A major turning point in the play. Just as the Three Witches prophesied Macbeth's ascendancy to become King in Act I,
Scene III, here they prophesies his downfall with the Three Apparitions (visions / ghosts). The first Apparition tells Macbeth
that he should fear Macduff, saying "beware Macduff; / Beware the Thane of Fife." The Second Apparition reassures Macbeth
that "none of women born / Shall harm Macbeth" and the Third Apparition tells Macbeth he has nothing to fear until "Great
Birnam wood" moves to "high Dunsinane hill" near his castle.
Macbeth decides to kill Macduff to protect himself
from him and takes the Apparition's words to mean he is safe from all men since they are all born naturally and that only
the moving of a nearby forest to his castle, an unlikely event will spell his doom.
Next Macbeth demands to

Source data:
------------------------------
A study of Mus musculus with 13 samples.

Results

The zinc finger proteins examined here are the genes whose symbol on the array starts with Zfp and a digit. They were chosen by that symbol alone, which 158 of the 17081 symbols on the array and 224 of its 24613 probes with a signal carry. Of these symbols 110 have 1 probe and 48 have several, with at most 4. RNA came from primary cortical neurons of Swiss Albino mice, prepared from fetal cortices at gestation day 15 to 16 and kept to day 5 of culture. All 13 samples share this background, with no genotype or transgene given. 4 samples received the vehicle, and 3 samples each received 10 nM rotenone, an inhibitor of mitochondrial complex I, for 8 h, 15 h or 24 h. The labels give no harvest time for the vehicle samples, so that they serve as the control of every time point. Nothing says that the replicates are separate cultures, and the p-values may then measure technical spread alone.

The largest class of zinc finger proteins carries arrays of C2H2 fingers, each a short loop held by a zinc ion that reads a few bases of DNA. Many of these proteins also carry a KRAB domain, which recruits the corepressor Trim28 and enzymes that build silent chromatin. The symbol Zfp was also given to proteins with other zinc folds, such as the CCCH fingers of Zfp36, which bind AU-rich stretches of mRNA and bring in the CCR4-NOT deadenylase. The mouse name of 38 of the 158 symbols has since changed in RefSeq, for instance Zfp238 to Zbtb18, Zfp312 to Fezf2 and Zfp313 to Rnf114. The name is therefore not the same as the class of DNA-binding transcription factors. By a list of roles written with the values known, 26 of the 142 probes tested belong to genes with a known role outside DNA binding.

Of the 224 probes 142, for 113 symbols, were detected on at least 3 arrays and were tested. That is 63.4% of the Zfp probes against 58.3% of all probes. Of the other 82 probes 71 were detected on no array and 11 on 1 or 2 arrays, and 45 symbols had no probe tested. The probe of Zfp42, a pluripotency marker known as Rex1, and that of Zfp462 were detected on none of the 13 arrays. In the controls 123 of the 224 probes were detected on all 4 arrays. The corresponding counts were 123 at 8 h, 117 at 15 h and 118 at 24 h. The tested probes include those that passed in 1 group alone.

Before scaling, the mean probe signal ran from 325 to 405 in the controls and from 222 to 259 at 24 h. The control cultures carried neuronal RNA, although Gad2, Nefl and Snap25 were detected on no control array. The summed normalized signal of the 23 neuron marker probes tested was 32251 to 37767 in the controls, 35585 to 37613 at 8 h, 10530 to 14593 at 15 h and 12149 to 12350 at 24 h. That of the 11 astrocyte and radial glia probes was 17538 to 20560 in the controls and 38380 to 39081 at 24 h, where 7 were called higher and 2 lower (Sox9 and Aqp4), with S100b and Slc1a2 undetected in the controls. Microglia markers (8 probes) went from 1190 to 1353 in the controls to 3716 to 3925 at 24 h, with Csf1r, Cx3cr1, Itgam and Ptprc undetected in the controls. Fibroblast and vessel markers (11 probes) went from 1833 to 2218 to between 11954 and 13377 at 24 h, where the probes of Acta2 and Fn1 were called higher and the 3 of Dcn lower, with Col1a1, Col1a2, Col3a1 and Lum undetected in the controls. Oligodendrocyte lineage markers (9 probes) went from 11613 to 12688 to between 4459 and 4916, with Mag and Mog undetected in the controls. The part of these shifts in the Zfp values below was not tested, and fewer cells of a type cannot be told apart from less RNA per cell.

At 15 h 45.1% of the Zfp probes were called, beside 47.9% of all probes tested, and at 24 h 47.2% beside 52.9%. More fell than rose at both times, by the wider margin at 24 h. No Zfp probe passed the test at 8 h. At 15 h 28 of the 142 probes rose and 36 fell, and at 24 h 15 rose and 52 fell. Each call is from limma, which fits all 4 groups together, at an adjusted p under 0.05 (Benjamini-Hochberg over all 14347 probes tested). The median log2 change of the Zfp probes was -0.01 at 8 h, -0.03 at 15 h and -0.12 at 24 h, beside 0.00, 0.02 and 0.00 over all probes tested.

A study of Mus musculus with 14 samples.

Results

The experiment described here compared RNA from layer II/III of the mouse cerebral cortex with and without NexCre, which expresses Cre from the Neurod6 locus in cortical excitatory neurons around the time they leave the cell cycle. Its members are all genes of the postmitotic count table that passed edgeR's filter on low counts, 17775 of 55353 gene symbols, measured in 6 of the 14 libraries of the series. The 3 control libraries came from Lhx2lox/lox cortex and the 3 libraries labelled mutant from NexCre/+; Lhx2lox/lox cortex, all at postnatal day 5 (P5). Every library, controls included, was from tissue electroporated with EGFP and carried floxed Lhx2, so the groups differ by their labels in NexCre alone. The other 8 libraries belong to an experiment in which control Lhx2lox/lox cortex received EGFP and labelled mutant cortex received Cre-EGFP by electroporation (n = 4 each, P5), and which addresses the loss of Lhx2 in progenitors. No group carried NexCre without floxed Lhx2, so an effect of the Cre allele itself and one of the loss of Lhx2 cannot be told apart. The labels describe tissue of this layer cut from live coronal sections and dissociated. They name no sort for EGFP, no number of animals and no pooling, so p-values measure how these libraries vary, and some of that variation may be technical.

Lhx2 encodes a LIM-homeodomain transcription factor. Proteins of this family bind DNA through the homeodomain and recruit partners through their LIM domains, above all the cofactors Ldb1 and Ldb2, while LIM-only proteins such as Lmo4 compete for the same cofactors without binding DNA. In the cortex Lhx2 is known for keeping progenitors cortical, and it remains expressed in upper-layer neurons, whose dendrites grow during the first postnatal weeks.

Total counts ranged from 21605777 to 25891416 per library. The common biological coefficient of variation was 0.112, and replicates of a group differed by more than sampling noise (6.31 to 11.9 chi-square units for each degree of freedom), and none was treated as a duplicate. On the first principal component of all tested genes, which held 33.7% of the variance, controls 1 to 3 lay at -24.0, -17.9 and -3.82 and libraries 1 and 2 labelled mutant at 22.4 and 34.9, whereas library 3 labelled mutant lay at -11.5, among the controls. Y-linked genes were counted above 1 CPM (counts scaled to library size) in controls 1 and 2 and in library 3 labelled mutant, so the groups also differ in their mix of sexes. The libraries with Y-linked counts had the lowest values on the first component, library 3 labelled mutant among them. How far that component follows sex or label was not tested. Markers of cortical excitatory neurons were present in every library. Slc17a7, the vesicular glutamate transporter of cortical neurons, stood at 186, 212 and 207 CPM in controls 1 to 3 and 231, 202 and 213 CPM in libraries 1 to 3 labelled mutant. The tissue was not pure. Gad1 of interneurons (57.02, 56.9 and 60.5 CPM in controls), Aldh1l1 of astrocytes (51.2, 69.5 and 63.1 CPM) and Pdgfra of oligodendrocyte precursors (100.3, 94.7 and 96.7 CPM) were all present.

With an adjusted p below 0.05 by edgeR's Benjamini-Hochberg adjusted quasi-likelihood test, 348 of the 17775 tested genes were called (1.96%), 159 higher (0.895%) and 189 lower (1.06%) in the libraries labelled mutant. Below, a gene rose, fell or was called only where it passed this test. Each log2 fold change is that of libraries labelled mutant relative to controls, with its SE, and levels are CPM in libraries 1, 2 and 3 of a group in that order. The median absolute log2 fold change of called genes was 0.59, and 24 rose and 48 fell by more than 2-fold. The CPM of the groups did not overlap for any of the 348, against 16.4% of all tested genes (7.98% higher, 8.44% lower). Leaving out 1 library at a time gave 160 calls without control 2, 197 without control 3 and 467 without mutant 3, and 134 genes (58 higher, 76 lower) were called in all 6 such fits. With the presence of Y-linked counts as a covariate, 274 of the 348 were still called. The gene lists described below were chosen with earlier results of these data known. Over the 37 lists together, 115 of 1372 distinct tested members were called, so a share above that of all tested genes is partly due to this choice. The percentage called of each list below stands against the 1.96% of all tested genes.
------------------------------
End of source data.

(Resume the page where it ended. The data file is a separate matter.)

know about Banquo's descendants, learning to his anger that they will still rule Scotland rather than Macbeth's descendants.
Macbeth learns that he cannot kill Macduff so instead has his entire family murdered...
Lady Macduff is greeted
by Ross. Lady Macduff expresses her anger at being abandoned by Macduff for little reason when in her eyes, Macduff has done
nothing requiring him to flee.
Ross leaves and after Lady Macduff tells her son that his father is dead and
was a traitor, a Messenger warns Lady Macduff to flee but Macbeth's Murderers succeed in killing Lady Macduff's son. The scene
ends with Lady Macduff fleeing for her life...
Malcolm and Macduff discuss how Scotland under Macbeth's rule
has been plunged into despair. Malcolm tests Macduff's loyalty by describing himself as unfit to rule.
Malcolm disgusts Macduff with increasingly sordid descriptions of his lust and greed, Macduff tells Malcolm that like Macbeth,
he too is not fit to rule Scotland. This delights Malcolm who explains that he was lying; he described himself so negatively
to test Macduff's integrity. We learn that a large army is gathering to defeat Macbeth.